Hospice and Medicare Can be a Deadly Cocktail


In his email Mr. Robertson used initials I’d never seen:  FG and DON.  Since we’re both attorney’s I was a bit surprised because legal writing 101 is that initials should be defined if they’re not widely used.  An example, USA are common initials for the United States of America but DNR  (Do Not Resuscitate) are not.  Hence you can write USA without a definition but not DNR.  I found out that the initials FG stood for the victim’s name and DON stood for Director of Nursing.  Once understanding that he is using initials to describe a patient under his company’s care I had an #seniorabuse moment.  This man doesn’t care about VITAS’ patients – he cares about VITAS liability and bottom line.  How does that help my client’s Mother?

So yes, I want to castigate VITAS and their callous attorney but is it really fair?   Attornies mirror their clients.   Ergo, as offended as I am that he would not spell out the patient’s name, he is as offended that I think him callous.  As Cool Hand Luke’s jailer would say, “What we’ve got here is failure to communicate.”  And the truth is, not only do he and I share that failure but so does the management of VITAS and their patients.   VITAS isn’t alone.  Hospice companies make money by billing Medicare for new beds, oxygen, wheelchairs, social workers, pastors, nurses  . . . who has time to worry about the poor patient and their loved ones – the idea is to get the Medicare reimbursable people and equipment into operation so an invoice can be submitted.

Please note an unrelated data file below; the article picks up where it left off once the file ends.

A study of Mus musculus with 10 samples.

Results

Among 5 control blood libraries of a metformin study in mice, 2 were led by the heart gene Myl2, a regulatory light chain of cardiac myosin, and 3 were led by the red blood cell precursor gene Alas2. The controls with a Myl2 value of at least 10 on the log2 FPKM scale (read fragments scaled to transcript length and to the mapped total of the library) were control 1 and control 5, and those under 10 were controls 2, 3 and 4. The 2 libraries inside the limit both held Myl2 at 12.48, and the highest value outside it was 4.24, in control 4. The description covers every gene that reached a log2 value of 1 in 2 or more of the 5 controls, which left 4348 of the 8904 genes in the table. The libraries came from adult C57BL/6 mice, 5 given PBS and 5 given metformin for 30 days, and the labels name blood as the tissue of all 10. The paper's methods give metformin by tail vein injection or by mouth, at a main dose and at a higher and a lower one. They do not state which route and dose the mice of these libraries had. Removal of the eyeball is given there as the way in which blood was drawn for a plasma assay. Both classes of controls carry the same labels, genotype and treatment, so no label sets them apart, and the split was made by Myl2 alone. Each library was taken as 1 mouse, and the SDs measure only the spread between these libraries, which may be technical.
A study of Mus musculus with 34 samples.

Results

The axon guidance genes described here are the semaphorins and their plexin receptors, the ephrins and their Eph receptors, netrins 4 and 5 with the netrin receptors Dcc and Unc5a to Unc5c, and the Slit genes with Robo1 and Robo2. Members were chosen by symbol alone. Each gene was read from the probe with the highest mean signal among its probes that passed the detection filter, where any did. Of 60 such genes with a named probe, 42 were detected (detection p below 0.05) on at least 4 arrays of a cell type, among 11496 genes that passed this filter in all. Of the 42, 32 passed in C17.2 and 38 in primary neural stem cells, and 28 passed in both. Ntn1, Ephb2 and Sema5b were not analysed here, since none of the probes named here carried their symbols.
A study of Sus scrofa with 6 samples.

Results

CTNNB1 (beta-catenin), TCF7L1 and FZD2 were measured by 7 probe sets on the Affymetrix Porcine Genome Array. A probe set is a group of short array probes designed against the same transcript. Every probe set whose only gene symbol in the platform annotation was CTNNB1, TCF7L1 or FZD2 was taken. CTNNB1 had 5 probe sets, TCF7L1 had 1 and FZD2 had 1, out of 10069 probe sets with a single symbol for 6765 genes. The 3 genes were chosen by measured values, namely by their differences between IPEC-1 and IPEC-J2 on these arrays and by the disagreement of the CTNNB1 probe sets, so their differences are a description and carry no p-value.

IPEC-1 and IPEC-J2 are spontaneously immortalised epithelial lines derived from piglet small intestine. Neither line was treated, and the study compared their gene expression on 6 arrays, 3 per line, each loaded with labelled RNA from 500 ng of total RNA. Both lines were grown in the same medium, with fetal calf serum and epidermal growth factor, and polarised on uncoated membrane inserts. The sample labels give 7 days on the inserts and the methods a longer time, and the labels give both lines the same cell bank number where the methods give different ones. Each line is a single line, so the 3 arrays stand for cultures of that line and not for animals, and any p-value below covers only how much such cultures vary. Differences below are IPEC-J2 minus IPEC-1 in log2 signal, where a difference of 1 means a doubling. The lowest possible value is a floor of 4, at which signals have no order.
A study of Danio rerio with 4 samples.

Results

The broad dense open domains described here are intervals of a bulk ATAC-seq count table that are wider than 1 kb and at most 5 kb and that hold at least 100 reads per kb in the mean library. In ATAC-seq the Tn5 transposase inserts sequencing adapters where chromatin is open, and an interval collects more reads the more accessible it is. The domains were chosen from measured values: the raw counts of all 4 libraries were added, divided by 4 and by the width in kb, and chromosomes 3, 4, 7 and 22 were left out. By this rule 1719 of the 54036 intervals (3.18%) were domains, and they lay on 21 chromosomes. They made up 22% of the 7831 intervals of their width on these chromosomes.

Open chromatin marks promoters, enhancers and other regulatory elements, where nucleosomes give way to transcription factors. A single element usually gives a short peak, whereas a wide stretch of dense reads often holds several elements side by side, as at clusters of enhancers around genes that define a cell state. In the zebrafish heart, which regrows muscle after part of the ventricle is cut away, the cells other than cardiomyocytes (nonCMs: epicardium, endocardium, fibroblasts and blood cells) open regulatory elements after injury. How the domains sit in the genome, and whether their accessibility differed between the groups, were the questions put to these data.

When the last time the CEO, CFO, CIO, Executive VP of any Hospice management walked into a senior facility to interact with their patients?  Have they seen the tears of families who are coming to grips with a new reality?   No, they lose sight of the fact that these are real people, with real names, with real families who don’t want their loved one to suffer.  When you hand over your Mother to a Hospice provider, it’s a like handing over your baby to the day care provider.  You’re nervous but you’ve been told this is the right thing to do and, like most of us, you default to trust.  Hence, when something goes terribly wrong (such as death by falling out of bed) management’s preoccupation is the impact on the company’s bottom line  . . . not the impact on the son who signed her into Hospice.

And where is Medicare?!?  Two years ago, VITAS paid a $75 million settlement to Medicare to settle a False Claims Act brought against them.  They admitted no wrong-doing.   One of the most disturbing allegations against them was that the company convinced multiple patients and their family members that they were dying from a terminal illness when, in fact, they were not.  The misrepresentation was allegedly conceived to convince patients that their terminal conditions would require VITAS hospice services which allowed the company to submit its false reimbursement claims to Medicare.  So why doesn’t Medicare change the system?  How can they simply allow huge checks to be sent without having a ‘secondary safety system ‘within their technology?  Can we really put all the blame on the Hospice companies  . . .  Medicare is very aware of the endemic fraud in the system – can’t they program computers to monitor it.  The answer is yes – but it’s not done.  Why?

So, yes, Mr. Robertson, VITAS’ Senior Counsel, has a point.  Why worry about offending families in emails – his customer, Medicare, doesn’t care so why should he or his CEO?  These companies are top-down so the owner of VITAS, Chemed (who owns Roto Rooter), is interested in profit – not people.   Medicare, whose budget is always on the chopping block, doesn’t hold their providers accountable which allows large payouts to nefarious “Medicare providers.”  But, no one goes out of business. Hence, senior abuse.